Will Spence gives us a taste of the real world of Uganda that is being plagued by the Kony image
For all those who have spent the last week or so filling in their time on Facebook rather than finishing, or starting, that essay that’s in for tomorrow lunchtime, a post, link or status related to ‘Kony 2012’ is guaranteed viewing. The somewhat unknown warlord has turned into an overnight celebrity; be it an infamous and brutal one at that. Anyone who watches the videos or reads the stories to do with the horrific atrocities performed by this man will be shown shocking images of the crimes committed. Unfortunately this has left a stain in the mind of many people about the country of Uganda itself, with the natural tendency to see it as a war savaged country, plagued with desolate mud-hut communities and no natural sense of law and order. Without suggesting that it’s a saint-like country full of harmony and timidness, because where would the adventure be in that, Uganda is certainly not the hell whole that the Kony campaign might suggest to you.
Described by Winston Churchill as the ‘Pearl of Africa’, you’ll find more variation in the geographical landscape than in a neapolitan ice cream. Its capital, Kampala, holds all the traits of a typical hustle-and-bustle African city, yet misses out on the horrendous road rage found in Lagos or Nairobi. The jungle to the south and the Saharan climate to the north really offer a climate for all travellers, and while it may not have the tourist infrastructure found in Kenya or even Tanzania, there is certainly more of an authentic edge to Uganda because of this.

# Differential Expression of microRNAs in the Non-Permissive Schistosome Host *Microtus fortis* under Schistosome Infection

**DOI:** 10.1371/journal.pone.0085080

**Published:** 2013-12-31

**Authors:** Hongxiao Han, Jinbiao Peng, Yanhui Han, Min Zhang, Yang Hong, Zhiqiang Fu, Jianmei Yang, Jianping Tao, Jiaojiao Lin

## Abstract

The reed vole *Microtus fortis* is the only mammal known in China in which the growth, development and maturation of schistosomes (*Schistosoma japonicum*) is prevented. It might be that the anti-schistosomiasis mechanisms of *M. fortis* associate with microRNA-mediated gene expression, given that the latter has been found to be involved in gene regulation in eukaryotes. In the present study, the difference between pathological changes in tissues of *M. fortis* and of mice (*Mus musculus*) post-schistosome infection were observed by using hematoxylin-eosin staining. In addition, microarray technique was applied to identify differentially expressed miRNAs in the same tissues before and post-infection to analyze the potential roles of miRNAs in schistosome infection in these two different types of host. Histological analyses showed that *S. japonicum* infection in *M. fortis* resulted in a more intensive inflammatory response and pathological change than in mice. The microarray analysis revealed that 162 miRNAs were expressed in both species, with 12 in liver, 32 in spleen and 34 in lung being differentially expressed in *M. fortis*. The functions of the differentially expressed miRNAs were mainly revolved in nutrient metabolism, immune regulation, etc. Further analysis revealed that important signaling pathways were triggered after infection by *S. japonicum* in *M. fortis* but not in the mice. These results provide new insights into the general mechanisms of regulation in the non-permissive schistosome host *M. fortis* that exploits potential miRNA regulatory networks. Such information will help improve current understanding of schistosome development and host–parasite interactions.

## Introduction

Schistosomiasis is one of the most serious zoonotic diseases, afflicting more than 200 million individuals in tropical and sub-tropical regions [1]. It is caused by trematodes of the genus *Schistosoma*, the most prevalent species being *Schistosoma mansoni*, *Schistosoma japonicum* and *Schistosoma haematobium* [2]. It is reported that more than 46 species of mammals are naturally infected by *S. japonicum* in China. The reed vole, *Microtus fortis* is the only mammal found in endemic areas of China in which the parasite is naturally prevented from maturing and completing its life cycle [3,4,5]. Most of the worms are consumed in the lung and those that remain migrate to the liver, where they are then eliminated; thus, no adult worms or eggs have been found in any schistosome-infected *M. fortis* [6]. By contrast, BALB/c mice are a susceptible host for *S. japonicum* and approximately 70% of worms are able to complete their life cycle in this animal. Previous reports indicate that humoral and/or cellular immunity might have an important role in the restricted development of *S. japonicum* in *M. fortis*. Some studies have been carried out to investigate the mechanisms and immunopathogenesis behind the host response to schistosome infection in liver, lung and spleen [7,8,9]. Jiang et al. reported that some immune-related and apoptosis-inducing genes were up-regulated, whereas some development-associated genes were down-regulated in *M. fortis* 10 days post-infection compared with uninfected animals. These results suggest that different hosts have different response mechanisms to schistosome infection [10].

Nature lovers will have a field day in Uganda with the flora and wildlife touching on spectacular. Home to the endangered mountain gorilla, trips to see these beautiful creatures are available; albeit at expensive prices with a long booking needed. This isn’t due to corruption or greed, but the Uganda Wildlife Authority understand that too many humans will turn the jungle into a zoo and scare off the gorillas into the mountain. Should you enlist on this trip, which will set you back a healthy $750, know that 80% of the money goes into helping the environment, with the rest paying for the staff who help keep away the poachers from these near-extinct animals.
Getting close and personal with a gorilla is exhilarating enough, but should you need a further fix of adrenaline, rafting on the famous River Nile is also available. From tranquil family rides in a comfortable boat to 5-star rapids in a tiny rubber dingy, there’s something for everyone, though the crocodiles are optional.
You wouldn’t have the true Uganda experience without meeting the locals however. ‘Kony 2012’ would have you believe it’s a tribal place full of brutes and war-savaged people, where a westerner would be in a certain degree of hell. Similar to the Cambodian people under the tyrannous reign of Pol-Pot, it’s true that the people have come under attack throughout history from their own leaders, but they have come out with their smiles intact and friendly inquisitiveness as their language. It’s even been suggested that the capital is one of the safest African cities to walk through alone at night. Exploring through the markets will definitely allow you to experience the exquisite hospitality of the locals, with some even offering bewildered tourists the chance to come back to their houses for tea.
The cause to catch Kony is a fantastic one, and he certainly needs to be stopped. But don’t let the backdrop of the message spoil your view as a whole on this beautiful and exhilarating country. A true cultural gem awaits all who are willing journey to the wonderful country of Uganda.